Objectives:

Lung-protective mechanical ventilation aims to prevent alveolar collapse and overdistension, but reliable bedside methods to quantify them are lacking. We propose a quantitative descriptor of the shape of local pressure-volume curves derived from electrical impedance tomography, for computing maps that highlight the presence and location of regions of presumed tidal recruitment (i.e., elastance decrease during inflation, pressure-volume curve with upward curvature) or overdistension (i.e., elastance increase during inflation, downward curvature).

Design:

Secondary analysis of experimental cohort study.

Setting:

University research facility.

Subjects:

Twelve mechanically ventilated pigs.

Interventions:

After induction of acute respiratory distress syndrome by hydrochloric acid instillation, animals underwent a decremental positive end-expiratory pressure titration (steps of 2 cm H2O starting from ≥ 26 cm H2O).

Measurements and Main Results:

Electrical impedance tomography-derived maps were computed at each positive end-expiratory pressure-titration step, and whole-lung CT taken every second steps. Airway flow and pressure were recorded to compute driving pressure and elastance. Significant correlations between electrical impedance tomography-derived maps and positive end-expiratory pressure indicate that, expectedly, tidal recruitment increases in dependent regions with decreasing positive end-expiratory pressure (p < 0.001) and suggest that overdistension increases both at high and low positive end-expiratory pressures in nondependent regions (p < 0.027), supporting the idea of two different scenarios of overdistension occurrence. Significant correlations with CT measurements were observed: electrical impedance tomography-derived tidal recruitment with poorly aerated regions (r = 0.43; p < 0.001); electrical impedance tomography-derived overdistension with nonaerated regions at lower positive end-expiratory pressures and with hyperaerated regions at higher positive end-expiratory pressures (r ≥ 0.72; p < 0.003). Even for positive end-expiratory pressure levels minimizing global elastance and driving pressure, electrical impedance tomography-derived maps showed nonnegligible regions of presumed overdistension and tidal recruitment.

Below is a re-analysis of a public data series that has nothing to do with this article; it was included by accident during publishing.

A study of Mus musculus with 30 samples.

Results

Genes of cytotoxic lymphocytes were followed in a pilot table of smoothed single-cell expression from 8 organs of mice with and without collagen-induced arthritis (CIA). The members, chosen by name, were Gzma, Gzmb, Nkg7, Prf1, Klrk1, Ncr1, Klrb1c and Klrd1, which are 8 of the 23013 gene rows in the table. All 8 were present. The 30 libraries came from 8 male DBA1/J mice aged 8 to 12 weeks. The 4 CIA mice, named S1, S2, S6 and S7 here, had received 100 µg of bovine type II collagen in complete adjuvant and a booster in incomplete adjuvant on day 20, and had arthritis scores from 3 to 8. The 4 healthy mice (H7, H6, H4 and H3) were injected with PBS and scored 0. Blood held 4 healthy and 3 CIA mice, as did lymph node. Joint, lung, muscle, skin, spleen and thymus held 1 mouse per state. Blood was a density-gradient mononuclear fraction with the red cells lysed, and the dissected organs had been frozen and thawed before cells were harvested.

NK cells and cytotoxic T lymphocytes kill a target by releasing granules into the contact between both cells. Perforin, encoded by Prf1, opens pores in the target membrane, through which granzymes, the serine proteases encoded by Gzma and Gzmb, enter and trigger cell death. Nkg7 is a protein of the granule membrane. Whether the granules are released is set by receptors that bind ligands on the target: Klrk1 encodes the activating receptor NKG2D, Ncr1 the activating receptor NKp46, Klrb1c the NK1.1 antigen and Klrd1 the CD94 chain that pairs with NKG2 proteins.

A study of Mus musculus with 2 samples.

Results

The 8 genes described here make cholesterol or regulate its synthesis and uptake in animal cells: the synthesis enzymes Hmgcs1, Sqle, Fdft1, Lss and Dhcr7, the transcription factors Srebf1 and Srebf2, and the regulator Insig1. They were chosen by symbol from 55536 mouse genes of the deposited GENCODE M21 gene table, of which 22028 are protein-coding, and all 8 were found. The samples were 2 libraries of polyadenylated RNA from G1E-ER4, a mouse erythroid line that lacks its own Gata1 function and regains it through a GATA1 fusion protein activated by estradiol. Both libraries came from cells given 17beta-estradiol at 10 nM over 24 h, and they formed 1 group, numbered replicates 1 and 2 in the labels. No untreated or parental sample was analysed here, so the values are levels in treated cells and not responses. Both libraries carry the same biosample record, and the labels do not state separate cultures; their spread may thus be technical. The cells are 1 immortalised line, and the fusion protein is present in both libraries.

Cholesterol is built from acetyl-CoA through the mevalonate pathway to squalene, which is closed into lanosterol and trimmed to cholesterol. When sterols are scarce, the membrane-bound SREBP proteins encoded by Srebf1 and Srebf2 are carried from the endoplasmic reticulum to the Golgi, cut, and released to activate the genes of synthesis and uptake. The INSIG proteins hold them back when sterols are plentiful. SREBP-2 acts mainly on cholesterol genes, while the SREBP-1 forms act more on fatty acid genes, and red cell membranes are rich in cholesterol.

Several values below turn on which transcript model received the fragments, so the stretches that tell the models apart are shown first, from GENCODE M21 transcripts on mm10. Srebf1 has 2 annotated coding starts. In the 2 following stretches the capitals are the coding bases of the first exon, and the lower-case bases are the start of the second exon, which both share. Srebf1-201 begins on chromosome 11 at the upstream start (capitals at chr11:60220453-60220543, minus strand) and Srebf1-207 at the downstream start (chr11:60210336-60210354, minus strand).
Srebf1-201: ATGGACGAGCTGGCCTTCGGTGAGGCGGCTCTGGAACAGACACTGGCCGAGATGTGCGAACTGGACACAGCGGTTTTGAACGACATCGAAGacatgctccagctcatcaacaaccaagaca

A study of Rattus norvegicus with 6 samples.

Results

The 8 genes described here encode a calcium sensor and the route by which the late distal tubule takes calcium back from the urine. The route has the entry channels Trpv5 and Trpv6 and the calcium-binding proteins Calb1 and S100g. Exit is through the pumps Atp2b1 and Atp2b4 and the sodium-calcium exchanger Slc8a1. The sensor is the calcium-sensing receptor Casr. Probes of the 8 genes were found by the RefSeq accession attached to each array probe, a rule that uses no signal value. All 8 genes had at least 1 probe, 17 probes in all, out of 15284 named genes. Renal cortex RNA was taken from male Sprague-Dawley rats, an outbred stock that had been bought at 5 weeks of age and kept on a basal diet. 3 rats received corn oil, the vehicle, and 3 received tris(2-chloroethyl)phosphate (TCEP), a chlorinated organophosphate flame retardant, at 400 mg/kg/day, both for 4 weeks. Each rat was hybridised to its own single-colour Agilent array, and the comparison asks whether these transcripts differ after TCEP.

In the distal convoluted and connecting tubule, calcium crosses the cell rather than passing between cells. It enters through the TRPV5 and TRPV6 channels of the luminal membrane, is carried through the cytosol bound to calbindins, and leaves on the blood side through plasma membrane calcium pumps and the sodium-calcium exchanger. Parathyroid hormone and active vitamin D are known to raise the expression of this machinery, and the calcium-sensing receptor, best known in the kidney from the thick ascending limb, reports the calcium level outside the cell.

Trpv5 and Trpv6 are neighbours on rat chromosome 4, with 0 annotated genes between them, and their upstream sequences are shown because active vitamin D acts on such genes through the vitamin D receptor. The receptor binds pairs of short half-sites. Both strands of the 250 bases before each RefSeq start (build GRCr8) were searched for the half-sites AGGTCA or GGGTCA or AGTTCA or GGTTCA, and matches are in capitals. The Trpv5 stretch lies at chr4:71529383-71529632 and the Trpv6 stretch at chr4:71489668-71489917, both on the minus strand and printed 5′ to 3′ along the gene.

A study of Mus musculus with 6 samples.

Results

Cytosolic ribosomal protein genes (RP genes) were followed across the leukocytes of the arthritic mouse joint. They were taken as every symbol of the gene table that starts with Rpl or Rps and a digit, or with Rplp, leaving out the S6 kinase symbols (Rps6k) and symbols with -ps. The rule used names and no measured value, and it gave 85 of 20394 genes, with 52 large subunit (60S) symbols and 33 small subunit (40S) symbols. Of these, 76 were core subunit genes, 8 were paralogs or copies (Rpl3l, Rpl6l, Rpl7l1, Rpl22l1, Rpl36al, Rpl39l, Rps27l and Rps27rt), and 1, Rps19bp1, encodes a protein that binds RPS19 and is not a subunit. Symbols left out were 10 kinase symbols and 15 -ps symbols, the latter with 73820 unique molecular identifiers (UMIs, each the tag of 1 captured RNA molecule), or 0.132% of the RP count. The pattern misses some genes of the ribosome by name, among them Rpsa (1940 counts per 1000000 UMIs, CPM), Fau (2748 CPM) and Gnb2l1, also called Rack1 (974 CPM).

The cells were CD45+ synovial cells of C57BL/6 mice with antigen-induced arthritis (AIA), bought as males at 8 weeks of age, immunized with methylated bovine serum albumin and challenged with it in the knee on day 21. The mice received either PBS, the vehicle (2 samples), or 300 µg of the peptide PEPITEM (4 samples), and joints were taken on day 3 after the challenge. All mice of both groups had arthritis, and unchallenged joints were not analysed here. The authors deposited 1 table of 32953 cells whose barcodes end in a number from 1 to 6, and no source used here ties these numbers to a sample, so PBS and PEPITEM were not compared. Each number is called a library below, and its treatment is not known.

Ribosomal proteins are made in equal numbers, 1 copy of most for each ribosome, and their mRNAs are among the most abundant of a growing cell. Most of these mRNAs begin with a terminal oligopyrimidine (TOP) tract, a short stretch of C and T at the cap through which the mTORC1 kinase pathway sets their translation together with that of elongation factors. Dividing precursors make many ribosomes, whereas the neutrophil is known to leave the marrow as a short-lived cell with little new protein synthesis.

Conclusions:

Electrical impedance tomography-derived maps of pressure-volume curve shapes allow to detect regions in which elastance changes during inflation. This could promote individualized mechanical ventilation by minimizing the probability of local tidal recruitment and/or overdistension. Electrical impedance tomography-derived maps might become clinically feasible and relevant, being simpler than currently available alternative approaches.